Gill-Caesar Drawing Comparisons to Wiggins, Interest from Kentucky | Zagsblog
  • Gill-Caesar Drawing Comparisons to Wiggins, Interest from Kentucky


    But because he attended the same Canadian secondary school, attends the same high school, plays for the same AAU program and approaches the game the same way as Wiggins, 6-foot-6 junior Montaque Gill-Caesar has drawn comparisons.

    “If there’s anything close to Wiggins it’s ‘Teki’ right there because [of] all the similarities,”  CIA Bounce coach Tony McIntyre, who coached Wiggins and now coaches Gill-Caesar, told

    “His jump shot, his athleticism, his mannerisms, the way he approaches the game, the way he plays hard. He’s quiet, and just a great motor. He’s going to be real special.”

    Rob Fulford, who coached Wiggins at Huntington (W.V) Prep and now coaches Gill-Caesar there, believes it’s unfair to compare the two players.

    “They are totally different players,” he told “They are from the same high school and are both very laid back, extremely nice kids. Any specific basketball comparisons about the two as players aren’t fair to Teki. Just like everyone comparing Wiggs to LeBron isn’t fair. I’m not a fan of comparisons. Teki and Andrew are very different players.”

    Gill-Caesar was named International Co-MVP at this past weekend’s Nike Global Challenge, sharing the honors with fellow Canadian Chris Egi. Gill-Caesar went for 18 points and 11 rebounds in the fifth-place game against Pan Africa.

    As for the Wiggins comparisons, Gill-Caesar doesn’t completely dismiss them.

    “I take little things but at the same time I’m my own player,” he told “I try to add some of my own stuff to my game, but yeah he’s helped me a lot.”

    The two both attended Vaughan Secondary School in Ontario and ultimately came to Huntington (W.V.) Prep. They were teammates last year and remain very close friends, even with Wiggins now off to Kansas after perhaps the most hyped recruitment in recent history.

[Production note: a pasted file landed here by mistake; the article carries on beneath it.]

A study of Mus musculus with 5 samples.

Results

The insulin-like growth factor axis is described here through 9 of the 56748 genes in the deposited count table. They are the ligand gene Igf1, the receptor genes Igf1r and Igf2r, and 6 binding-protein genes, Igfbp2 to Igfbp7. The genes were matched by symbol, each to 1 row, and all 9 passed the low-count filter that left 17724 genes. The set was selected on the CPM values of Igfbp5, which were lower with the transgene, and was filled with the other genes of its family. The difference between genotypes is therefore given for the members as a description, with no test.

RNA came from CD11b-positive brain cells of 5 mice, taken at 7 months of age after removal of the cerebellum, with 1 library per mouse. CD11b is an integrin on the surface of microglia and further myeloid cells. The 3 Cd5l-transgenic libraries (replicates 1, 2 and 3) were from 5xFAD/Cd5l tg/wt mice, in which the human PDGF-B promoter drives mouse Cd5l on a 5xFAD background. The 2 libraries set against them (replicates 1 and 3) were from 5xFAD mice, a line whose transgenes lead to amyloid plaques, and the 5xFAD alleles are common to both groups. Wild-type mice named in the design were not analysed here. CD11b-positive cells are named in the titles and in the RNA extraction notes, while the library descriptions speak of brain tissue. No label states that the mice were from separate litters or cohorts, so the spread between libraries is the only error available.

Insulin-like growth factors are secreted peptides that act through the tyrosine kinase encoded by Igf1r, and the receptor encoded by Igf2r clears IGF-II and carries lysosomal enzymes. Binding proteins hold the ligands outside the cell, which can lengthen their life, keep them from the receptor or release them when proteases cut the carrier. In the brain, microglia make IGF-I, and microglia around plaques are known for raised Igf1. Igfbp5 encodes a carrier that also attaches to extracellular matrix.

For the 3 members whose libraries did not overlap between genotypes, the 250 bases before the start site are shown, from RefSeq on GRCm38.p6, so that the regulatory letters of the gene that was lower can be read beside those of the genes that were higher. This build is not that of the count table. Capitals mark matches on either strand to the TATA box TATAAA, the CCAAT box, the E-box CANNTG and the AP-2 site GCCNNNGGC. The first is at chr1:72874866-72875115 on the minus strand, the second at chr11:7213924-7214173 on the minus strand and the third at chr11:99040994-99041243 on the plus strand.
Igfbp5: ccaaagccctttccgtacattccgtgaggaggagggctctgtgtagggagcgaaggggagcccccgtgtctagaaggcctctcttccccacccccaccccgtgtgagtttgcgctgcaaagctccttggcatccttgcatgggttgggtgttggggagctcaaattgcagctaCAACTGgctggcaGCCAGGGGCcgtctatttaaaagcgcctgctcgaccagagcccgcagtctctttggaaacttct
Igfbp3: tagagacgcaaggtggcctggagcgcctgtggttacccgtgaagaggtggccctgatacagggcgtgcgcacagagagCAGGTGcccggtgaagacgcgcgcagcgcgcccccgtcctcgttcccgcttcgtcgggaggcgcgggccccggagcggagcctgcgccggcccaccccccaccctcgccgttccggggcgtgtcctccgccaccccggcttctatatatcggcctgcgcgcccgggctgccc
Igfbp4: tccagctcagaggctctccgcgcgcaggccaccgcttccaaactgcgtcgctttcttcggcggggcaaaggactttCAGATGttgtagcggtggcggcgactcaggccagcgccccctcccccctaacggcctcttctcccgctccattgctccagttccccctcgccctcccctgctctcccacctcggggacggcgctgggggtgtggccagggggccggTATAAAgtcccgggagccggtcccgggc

“I talk to him every day just to see how he’s doing at school, what college is like,” Gill-Caesar said of Wiggins, now in summer school at Kansas. “He gives me a lot of advice. He told me athleticism is not really going to get you that far.”

    As far as his own recruitment, Gill-Caesar holds offers from Baylor, West Virginia, Illinois, Purdue, Ohio State and Alabama, according to Fulford.

    He also has interest from Kentucky and recently got a call from head coach John Calipari.

    “He just said he likes my improvements,” he said. “When he saw me during the season he likes how I handle the ball, how I handle the pressure.”

    As far as pressure, Gill-Caesar said he saw what Wiggins went through with his wild recruitment, which dragged on until mid-May.

    Asked what he learned from that experience, Gill-Caesar said, “I just learn how to stay poised and keep my composure.”

    Like Wiggins, Gill-Caesar could also opt to reclassify from 2015 to 2014, but said that is not a major concern at this point.

    “Maybe, I never know,” he said. “I just gotta see how the school season pans out and just go from there.”

    One thing’s for sure.

    Gill-Caesar is part of a rising tide of Canadian talent.

    If Wiggins goes No. 1 overall in the 2014 NBA Draft as expected, it will mark back-to-back seasons that Canadians go No. 1 following Anthony Bennett’s selection this year.

    “We’re on the upcome,” he said. “People are realizing what we’re capable of.  They’re learning that we’re a force to be reckoned with and Canadian basketball players are something to be known.”

    For more stories on Andrew Wiggins, click here.